By Tony Fitzpatrick
“Crazy Horse’s vision first took him to the South, where in Lakota spirituality one goes upon death. He was brought back and was taken to the West in the direction of the Wakiyans, or Thunder Beings…” —Wikipedia entry about Crazy Horse
I haven’t a fucking clue as to what the above quote is supposed to mean. Nor, I suspect, am I meant to. Native American and Indian lore wasn’t written for me. Still, the idea of a “Thunder Being” sounded powerful and poetic to me. As a kid I was scared by thunder and thought of it as something that walked the earth; a giant of some kind. As I grew older, I rather liked it. It seemed something that nature had in its back pocket anytime it wanted to let us know who (or what) was in charge.
What I most admire about Crazy Horse is that he helped kill Custer: a stone, murderous, psychopath. The movie “Little Big Man,” I think, pretty much has Custer’s number. Custer pretty much attacked when he was sure he had a superior number to the opposition. Years ago, I traveled all over the West and stopped in a small town not far from where the battle of Little Bighorn occurred—Spotted Horse, Wyoming. It was basically a post office and a diner/bar, and the guy who ran it was an old cowboy who had a tank full of rattlesnakes out in front of the place and wore a six-shooter in a holster. It was he who told me that Custer died slow. He said that Custer was “turned over the women,” who settled his fucking hash once and for all. I was shocked. I asked Mark Turcotte, the Chippewa poet about this and he quietly smiled and said, “Custer’s last breath wasn’t on the battle field.”
There are moments of history when I’d have liked to have been there; like when Custer was introduced to the Oglala nation… when he looked around and realized the Oglala had the ass over him and that he was truly fucked—that his ceaseless and vile butchery would now be visited on he, himself.
Did he pray? Did he ask forgiveness? Did he ask for mercy? Did he realize his golden locks would be lashed to the end of a war-staff by the time the sun went down?
I later found out that Custer cut off his long hair the morning of Little Bighorn—for all of the good this did him.
There is a powerful kind of atmosphere around that part of the country. It is as if the land knows and that the scene of the American genocide of its first citizens still carries its ghosts. Montana and Wyoming are places where nature is, to say the very least, formidable. One doesn’t curse the snow, the rain, the dust, the hail or god, because here it is all the same thing.
When I was a kid, I thought thunder was something that walked the earth. Maybe Crazy Horse did, too. I don’t try to explain what Native Americans mean when they speak of these things. I’m not meant to understand it. The more I read about Crazy Horse, the more admirable he is to me.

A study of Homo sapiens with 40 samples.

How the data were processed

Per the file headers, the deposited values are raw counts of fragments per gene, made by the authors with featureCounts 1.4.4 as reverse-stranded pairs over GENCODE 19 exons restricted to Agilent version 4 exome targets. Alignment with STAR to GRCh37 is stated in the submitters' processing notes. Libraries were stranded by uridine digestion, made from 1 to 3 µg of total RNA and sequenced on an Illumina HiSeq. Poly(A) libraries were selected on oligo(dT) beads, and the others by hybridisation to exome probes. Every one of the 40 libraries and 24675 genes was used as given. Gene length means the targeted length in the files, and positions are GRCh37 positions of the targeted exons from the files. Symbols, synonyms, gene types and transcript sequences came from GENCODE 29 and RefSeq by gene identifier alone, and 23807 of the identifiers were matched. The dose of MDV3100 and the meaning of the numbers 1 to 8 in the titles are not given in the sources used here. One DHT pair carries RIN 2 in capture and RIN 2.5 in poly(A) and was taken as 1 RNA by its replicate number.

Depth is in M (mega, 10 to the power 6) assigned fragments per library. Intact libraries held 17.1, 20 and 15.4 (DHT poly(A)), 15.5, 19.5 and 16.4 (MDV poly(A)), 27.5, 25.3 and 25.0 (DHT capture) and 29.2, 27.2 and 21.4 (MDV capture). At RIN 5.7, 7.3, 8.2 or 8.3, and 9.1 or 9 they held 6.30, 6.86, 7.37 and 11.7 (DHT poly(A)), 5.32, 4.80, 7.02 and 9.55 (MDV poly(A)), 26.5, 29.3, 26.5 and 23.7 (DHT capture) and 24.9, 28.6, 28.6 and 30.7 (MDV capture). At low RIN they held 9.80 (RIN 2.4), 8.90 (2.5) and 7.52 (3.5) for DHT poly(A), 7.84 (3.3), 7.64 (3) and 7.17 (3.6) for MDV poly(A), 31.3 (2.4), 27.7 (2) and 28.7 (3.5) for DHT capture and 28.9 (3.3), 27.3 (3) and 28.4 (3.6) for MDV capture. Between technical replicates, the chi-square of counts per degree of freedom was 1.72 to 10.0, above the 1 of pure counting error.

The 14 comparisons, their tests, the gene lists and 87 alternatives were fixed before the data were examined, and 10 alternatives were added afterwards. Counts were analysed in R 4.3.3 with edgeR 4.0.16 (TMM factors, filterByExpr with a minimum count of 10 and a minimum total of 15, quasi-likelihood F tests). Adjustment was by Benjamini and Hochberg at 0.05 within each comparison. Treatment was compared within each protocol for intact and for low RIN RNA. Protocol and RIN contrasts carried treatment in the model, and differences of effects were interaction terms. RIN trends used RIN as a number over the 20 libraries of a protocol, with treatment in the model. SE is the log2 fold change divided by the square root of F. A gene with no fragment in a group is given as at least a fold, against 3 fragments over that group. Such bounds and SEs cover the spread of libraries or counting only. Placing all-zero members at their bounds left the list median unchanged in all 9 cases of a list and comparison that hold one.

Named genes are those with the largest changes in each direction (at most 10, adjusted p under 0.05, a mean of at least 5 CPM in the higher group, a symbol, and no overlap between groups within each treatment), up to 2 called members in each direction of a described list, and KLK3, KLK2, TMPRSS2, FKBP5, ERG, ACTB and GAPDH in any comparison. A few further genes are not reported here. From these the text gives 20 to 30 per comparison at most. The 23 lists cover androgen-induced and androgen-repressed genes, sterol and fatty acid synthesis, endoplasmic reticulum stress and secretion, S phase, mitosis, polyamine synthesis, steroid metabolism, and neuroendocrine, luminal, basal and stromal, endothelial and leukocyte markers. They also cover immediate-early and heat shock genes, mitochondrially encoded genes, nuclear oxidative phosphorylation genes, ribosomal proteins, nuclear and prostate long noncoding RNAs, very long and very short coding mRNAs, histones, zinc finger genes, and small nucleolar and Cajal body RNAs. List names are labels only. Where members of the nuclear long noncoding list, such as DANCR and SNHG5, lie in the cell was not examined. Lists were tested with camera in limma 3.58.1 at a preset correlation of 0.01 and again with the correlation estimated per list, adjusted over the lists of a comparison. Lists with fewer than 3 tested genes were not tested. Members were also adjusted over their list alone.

There is a mountain being carved up as a monument to him; something he’d have probably found obscene.
The late Russell Means, the former leader of AIM, spoke out against it on the grounds that it is contrary to the spirit of Crazy Horse. While meant as a tribute, Indian peoples realize the mountain, itself, is triumph enough.
Crazy Horse was born around 1840 to Lakota Oglala parents. His father was also named Crazy Horse. In his entire life, he was never photographed. He had curly hair and was paler of skin than other Oglala, leading other children to taunt him about the possibility of white parentage to which the boy took great umbrage. However, this taunting did not persist, as the young Crazy Horse routinely fucked up anyone who attempted to bully him.
He was fearless and contrary and an absolute natural warrior; a tactician to equal some of the best generals in U.S. history. He was an expert decoy warrior, often using himself as bait. Such was the case in the “Fetterman Massacre” in which Crazy Horse personally lured Lt. Fetterman and eighty of his calvary to their slaughter.
Crazy Horse painted his cheeks with lightning bolts and his forehead with hailstones, in honor of the Wakinyans (Thunder Beings) and, according to many eyewitnesses, was the most fearless of warriors; always getting very close to soldiers and screaming other-worldly battle screams to his fellow braves. Crazy Horse terrified even his own men.
Crazy Horse is one of those mythic American characters who entreat conflicting historical information at almost every turn. Even his death (almost surely an assassination) is shrouded in mystery and varying accounts. After his death, a photograph of him was produced which was quickly proven a fraud. Crazy Horse believed that the camera stole one’s soul and, given the nature of celebrity, he was not all the way wrong. History is an odd, elusive living document: It tends to be the lies we all agree upon. Crazy Horse is a hero to the Lakota Oglala and to me as well. History—meaning white European history—for the longest time regarded him as something of a terrorist. It’s an odd paradox: one is a terrorist until one wins, and then is proclaimed a patriot.